The skateboard is about as simple a vehicle as one can imagine, so it's fitting that many EVs employ a 'skateboard' design.
It’s hard to think of a vehicle that’s simpler in its design than a skateboard. However, this very simplicity may be the reason that this humble conveyance is providing the inspiration for the most technologically advanced vehicles ever devised.
When automakers first started designing modern EVs, their approach was to shoehorn electric powertrains into existing gas vehicles. Tesla was no exception—this is what it did with the Roadster, which was loosely based on the chassis of a Lotus Elise. However, the limitations of this approach soon became apparent. The advantages of electric drive can only be fully realized in a vehicle designed “from the ground up” as an EV.
When Franz von Holzhausen, Jerome Guillen and the rest of the Tesla team designed Model S, they started with a “clean sheet of paper,” and the “native EV” they came up with bore an unmistakable resemblance to the street surfboards favored by adventurous adolescents.
“The architecture of Model S is really similar to a skateboard,” Franz von Holzhausen told Bloomberg in 2013. “The floor of the vehicle is the battery pack, and the motor is between the rear wheels. Everything above that is the opportunity space.”
Above: In 2009, Design Director Franz von Holzhausen talked about Tesla's skateboard design when describing the Model S prototype (YouTube: OnCars)
Unfortunately, many of the legacy automakers are still trying to stuff the square peg of an electric powertrain into the round hole of a fossil-fuel-vehicle chassis. However, the more forward-looking ones are embracing the technology that Tesla pioneered seven years ago, as Jil McIntosh writes in Driving.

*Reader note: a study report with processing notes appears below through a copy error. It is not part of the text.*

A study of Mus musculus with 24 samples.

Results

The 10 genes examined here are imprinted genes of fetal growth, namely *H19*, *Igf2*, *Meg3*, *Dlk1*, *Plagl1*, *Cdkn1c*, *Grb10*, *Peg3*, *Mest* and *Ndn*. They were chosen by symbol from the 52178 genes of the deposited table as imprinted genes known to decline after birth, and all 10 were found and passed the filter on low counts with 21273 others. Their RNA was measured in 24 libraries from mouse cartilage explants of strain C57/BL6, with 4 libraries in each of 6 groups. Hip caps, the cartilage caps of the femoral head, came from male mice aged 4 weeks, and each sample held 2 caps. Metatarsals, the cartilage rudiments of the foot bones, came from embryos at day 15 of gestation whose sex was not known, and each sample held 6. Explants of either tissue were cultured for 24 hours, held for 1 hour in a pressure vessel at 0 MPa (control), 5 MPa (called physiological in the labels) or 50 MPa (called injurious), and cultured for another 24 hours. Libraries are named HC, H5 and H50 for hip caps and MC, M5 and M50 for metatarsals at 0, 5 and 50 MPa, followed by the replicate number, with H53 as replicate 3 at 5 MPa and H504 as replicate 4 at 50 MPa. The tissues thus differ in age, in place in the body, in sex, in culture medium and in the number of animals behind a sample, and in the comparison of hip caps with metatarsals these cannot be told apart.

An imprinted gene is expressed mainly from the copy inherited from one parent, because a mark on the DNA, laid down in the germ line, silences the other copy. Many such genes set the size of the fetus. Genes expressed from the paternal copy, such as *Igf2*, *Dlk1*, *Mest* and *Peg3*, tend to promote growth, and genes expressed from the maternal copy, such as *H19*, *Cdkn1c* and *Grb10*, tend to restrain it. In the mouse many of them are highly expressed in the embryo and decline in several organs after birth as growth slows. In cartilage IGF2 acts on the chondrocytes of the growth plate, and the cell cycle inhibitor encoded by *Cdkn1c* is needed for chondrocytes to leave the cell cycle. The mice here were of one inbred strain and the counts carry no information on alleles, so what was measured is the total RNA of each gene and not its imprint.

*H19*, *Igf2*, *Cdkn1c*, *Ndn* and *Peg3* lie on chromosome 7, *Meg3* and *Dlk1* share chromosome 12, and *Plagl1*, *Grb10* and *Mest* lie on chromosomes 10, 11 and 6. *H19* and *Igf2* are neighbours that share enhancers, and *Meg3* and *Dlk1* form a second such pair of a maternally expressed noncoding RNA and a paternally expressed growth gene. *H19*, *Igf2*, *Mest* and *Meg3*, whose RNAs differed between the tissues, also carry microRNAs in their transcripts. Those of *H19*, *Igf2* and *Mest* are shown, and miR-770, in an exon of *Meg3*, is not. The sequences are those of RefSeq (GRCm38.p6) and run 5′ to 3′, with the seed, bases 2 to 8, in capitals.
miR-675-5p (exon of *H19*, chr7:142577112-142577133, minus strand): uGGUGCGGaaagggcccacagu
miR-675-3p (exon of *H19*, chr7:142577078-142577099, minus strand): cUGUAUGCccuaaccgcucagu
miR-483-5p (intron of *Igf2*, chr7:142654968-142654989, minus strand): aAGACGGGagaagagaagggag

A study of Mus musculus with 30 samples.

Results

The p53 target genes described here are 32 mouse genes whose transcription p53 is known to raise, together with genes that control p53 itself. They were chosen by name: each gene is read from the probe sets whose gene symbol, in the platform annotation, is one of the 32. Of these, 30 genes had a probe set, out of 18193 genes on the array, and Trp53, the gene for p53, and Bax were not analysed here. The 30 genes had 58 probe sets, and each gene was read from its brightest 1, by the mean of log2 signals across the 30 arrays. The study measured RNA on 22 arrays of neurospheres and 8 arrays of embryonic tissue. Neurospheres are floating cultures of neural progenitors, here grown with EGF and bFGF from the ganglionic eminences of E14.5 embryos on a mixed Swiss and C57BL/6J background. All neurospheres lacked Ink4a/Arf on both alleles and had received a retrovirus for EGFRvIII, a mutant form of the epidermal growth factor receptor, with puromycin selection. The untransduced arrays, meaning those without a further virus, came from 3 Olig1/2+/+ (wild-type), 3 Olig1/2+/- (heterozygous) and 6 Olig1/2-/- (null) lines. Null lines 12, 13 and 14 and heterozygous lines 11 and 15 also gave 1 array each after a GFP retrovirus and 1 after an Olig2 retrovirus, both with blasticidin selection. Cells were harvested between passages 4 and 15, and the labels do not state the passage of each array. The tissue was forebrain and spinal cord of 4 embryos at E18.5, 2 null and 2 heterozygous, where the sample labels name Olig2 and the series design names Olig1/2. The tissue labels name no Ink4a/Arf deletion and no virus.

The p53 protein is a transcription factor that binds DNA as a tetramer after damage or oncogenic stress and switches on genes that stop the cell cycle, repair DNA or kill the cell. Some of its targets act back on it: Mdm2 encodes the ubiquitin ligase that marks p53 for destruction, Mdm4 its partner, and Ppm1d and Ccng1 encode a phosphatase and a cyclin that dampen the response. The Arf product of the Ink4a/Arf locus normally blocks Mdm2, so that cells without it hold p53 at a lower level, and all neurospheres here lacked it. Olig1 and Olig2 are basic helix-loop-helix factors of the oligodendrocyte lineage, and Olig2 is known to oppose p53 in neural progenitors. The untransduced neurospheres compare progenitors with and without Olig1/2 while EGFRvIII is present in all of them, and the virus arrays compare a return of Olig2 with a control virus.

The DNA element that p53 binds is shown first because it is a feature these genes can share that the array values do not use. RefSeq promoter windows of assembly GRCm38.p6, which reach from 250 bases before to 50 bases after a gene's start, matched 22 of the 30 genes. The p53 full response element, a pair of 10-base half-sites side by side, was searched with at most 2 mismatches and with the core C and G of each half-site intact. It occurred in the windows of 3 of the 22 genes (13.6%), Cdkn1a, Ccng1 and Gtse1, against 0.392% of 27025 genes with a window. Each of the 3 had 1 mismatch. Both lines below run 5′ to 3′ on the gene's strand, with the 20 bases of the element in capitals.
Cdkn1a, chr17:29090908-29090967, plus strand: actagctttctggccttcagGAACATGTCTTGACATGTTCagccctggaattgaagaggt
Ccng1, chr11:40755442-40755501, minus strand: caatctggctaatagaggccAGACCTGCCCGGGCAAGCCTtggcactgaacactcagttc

GM and Audi have discussed using the skateboard architecture as the basis for new EVs, and Rivian’s upcoming pickup truck and SUV are based on the concept. Californian startup Canoo, which has developed a skateboard platform, recently announced a partnership with Hyundai.
Automakers have been using “platforms” to share development costs among different models for decades. However, the skateboard concept refers to an actual physical platform, which forms the floor of the vehicle, and incorporates the battery. As every Tesla fan knows, this arrangement gives the car a low center of gravity, which greatly improves handling.
Nowadays, forward-looking vehicle designers are taking the concept a step further, envisioning a skateboard that incorporates the entire electric powertrain—battery, motors and power electronics. An automaker can top the skateboard with different bodies to produce a variety of vehicles.
Tesla was not the first automaker to conceive of a skateboard-based vehicle. That honor seems to belong to GM, which used the design in a 2002 concept car called the Autonomy, envisioned as a hydrogen-powered autonomous vehicle. The Autonomy, however, was never operational.
GM's later concept, the Hy-Wire, had a skateboard chassis that was designed to work with interchangeable bodies—for example, an owner could start out with a coupe, and later switch to a sedan, just by removing and replacing a few bolts.
Like most concept vehicles, the Hy-Wire never made it to a production line, and that’s probably just as well. However, the skateboard design makes a lot of sense, and as more automakers gradually embrace electrification, it’s likely to become the norm.